November 1975

General Meeting
From the President (Carol Whitesell)
October Calendar
League Day at City Hall
Looking Ahead to Legislature ;76
ADEline's (Adeline Schutz)
New Members
UN Update - Why?

UN Update - Why?

The League is updating its understanding of the UN. A series of actions taken by the 29th General Assembly and by the UNESCO General Conference to isolate Israel, and South Afrioa prompted U.S. delegates to accuse the UN of violating the letter and the spirit of the charter. These and other moves are threatening to erode American public support at a time when it is becoming increasingly clear that problems of a global nature demand the attention and action of an effective international organization.

A difficult policy decision may be in the offing for the U.S. in the very near future: should the United States curtail its participation in the UN in protest of actions it considers in violation of the UN Charter? Or should the United States remain inside the organization, using all its wit and resources to reverse those actions and get the United Nations back on track?

League members will be bringing themselves up-to-date on recent UN developments and will be discussing different alternatives for U.S policy toward the UN.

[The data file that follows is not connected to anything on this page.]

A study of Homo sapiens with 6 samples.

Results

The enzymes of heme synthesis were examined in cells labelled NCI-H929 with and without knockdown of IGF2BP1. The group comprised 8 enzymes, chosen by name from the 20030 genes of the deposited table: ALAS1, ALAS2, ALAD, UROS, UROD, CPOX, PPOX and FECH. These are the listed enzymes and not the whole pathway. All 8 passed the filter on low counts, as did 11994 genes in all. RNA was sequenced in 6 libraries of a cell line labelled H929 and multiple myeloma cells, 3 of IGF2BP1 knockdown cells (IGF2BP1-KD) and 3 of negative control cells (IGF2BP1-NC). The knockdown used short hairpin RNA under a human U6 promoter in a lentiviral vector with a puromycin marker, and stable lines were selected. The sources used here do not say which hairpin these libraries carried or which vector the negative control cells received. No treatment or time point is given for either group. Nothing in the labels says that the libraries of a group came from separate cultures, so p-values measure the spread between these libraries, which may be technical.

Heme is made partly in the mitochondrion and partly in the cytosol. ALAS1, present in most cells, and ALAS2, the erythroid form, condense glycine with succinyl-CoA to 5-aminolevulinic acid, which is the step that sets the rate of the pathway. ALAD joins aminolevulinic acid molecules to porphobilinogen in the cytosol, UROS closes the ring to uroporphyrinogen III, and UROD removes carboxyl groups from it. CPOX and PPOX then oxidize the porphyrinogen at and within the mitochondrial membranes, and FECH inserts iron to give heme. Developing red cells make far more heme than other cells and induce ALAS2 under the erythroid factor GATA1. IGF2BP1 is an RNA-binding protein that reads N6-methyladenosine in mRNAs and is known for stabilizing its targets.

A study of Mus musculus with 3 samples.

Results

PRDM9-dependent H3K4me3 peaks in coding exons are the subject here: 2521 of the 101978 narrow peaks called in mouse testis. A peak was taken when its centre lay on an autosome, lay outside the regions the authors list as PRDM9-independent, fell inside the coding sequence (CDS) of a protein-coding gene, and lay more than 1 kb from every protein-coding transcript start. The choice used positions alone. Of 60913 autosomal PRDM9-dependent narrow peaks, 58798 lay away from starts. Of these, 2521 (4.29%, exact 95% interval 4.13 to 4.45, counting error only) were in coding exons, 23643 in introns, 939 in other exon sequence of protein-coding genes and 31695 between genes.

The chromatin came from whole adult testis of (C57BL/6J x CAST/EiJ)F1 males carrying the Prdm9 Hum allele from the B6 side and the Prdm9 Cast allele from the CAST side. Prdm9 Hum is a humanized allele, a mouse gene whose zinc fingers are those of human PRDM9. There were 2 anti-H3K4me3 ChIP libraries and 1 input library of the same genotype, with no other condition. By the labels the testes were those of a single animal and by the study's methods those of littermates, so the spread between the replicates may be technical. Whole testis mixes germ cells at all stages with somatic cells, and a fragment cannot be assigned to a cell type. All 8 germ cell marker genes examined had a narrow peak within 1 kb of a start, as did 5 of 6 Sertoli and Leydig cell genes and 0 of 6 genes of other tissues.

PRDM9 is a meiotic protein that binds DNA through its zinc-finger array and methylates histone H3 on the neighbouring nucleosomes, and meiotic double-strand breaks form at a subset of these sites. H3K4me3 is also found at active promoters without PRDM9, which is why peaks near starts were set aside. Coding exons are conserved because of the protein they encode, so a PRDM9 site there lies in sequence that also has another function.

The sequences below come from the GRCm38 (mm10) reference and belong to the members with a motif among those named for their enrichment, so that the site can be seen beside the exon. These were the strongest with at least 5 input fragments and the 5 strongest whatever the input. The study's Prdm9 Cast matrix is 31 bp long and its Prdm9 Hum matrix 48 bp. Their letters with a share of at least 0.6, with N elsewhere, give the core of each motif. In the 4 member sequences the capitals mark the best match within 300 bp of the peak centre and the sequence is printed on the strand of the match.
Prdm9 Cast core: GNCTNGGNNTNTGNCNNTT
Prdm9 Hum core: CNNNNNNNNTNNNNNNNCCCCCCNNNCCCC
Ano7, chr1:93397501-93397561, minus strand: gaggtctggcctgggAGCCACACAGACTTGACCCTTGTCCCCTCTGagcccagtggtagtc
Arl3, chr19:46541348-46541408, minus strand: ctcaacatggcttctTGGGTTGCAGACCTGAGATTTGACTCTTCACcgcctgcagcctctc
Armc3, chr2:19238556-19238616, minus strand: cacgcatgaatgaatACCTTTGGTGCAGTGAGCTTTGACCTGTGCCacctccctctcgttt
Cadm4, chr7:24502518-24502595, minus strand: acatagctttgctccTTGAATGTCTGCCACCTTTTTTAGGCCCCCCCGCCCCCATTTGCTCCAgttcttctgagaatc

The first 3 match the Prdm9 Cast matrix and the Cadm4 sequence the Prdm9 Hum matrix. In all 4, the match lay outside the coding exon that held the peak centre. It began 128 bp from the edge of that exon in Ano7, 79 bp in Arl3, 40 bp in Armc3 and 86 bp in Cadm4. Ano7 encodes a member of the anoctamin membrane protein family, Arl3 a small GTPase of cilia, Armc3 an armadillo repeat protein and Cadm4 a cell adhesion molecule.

U.N. Day Luncheon - Oct. 24

Rep. Spark Matsunaga will speak on his proposal for a U.S. Department of Peace. at a luncheon sponsored by the Hawaii. Chapter of the United Nations Association.(UNA)

For reservations, call Les Swindale Tel: 988-6318

U.N.A. Information Booth

Visit the Community Service.booth at Ala Moana Shopping Center, Oct. 28-31 to learn about the United Nations, United Nations Ass, and Unicef. LWV is an affiliate of UNA.


Unicef cards will be on sale at the Richards St. YWCA, Oct. 6 - Nov. 14. Watch the paper for other dates and locations.

"Third World Welcomes U.S. Ideas" David Anable (Staff Correspondent - C.S. Mon.) "The ice is beginning to melt!"

Ambassadors to the U. N. from the 3rd world have welcomed the U.S.'s numerous new economic proposals with "almost unanimous warmth".

U.S. Ambassador Patrick Moynihan in reading the 27 page Henry Kissenger report let loose an avalanche of proposals. The general feelings of the assembled 3rd world Ambassadors were that the proposals were constructive, concerned, deserving of positive and intense study. There are more than 2 doz. new projects and if implemented could cost $50 billion a year of new resources.

Within the U.N. it is hoped some compromises can be reached between the U.S. ideas and those of the developing nations.